Footfall dropped by 1.6 per cent in August across the nation’s high streets, shopping centres and retail parks.
The British Retail Consortium (BRC) and Springboard’s footfall and vacancies monitor said shoppers were cutting back on non-essential purchases due to food inflation, resulting in a reduction in the number of shopping trips across the board.
The results, which covered July 29th to August 25th, also reflected what BRC and Springboard said is a “long-term downward trend of fewer trips to physical shopping locations, as more of our spending shifts online”.
Three months of high street footfall growth came to an end in August with a decline of 2.0 per cent, with Northern Ireland the only region to report an increase, up 1.4 per cent.
Retail parks were one of the only positive finds for the report, which found The east and south west reporting a 5.1 per cent and 4.0 per cent growth respectively.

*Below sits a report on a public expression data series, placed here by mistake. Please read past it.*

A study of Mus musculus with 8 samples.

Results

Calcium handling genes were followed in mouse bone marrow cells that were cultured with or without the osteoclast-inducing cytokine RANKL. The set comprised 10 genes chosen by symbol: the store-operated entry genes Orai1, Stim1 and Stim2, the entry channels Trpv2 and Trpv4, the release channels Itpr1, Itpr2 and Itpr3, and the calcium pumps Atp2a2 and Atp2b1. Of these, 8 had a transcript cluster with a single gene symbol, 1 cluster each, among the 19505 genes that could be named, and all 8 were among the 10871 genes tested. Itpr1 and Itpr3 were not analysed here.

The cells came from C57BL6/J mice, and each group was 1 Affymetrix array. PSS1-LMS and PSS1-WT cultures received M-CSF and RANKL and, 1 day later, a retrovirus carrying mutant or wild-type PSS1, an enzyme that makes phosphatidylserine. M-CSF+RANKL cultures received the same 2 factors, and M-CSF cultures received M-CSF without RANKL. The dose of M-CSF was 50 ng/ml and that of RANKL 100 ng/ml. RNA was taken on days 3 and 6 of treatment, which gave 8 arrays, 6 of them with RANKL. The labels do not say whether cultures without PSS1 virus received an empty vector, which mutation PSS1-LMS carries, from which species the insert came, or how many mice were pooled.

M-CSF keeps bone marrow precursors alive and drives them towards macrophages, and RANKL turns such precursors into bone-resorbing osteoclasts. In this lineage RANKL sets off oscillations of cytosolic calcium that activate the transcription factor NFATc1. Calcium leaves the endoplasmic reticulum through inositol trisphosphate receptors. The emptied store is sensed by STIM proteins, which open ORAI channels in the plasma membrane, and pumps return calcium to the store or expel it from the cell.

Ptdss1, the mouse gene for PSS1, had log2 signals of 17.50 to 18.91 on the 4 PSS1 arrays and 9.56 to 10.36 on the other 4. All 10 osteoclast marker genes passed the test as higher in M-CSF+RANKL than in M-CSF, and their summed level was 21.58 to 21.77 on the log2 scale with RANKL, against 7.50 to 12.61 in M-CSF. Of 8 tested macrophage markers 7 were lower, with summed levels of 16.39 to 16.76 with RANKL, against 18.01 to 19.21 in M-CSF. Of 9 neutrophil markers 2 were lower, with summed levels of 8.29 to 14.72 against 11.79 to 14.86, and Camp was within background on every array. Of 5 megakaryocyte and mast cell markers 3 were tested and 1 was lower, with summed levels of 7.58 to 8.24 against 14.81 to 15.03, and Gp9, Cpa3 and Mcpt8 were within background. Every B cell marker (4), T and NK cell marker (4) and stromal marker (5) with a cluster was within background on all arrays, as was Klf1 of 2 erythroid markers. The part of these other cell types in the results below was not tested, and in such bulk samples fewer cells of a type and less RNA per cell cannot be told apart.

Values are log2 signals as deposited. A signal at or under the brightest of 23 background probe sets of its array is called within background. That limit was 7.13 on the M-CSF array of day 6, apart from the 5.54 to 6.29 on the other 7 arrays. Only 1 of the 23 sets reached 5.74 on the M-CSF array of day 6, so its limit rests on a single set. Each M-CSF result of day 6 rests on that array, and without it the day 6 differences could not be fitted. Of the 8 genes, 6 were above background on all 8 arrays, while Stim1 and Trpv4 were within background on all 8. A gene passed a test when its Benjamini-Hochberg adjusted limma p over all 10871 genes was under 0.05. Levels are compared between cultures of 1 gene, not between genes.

Shopping centre footfall continued to drop, but at a decelerate rate, down 2.4 per cent for August against 3.4 per cent in July.
“British high streets experienced a quiet August this year as the continued squeeze on wages kept consumers away from the shops,” BRC chief executive Helen Dickinson said in light of the results.
“With fewer shoppers visiting the high street and a difficult overall trading environment the pressures is increasing on retailers as rising public policy costs continue to bite.
“The Government must take action now and commit to a two year freeze on business rates to help reduce the pressure of this disproportionate tax on retailers and allow for a fundamental reform of the business taxation system,” she added.
The news comes as BDO’s monthly high street sales tracker indicated that UK high street sales fell by 2.7 per cent year-on-year – the worst August decline for three years and one of the worst Augusts since records began in 2006.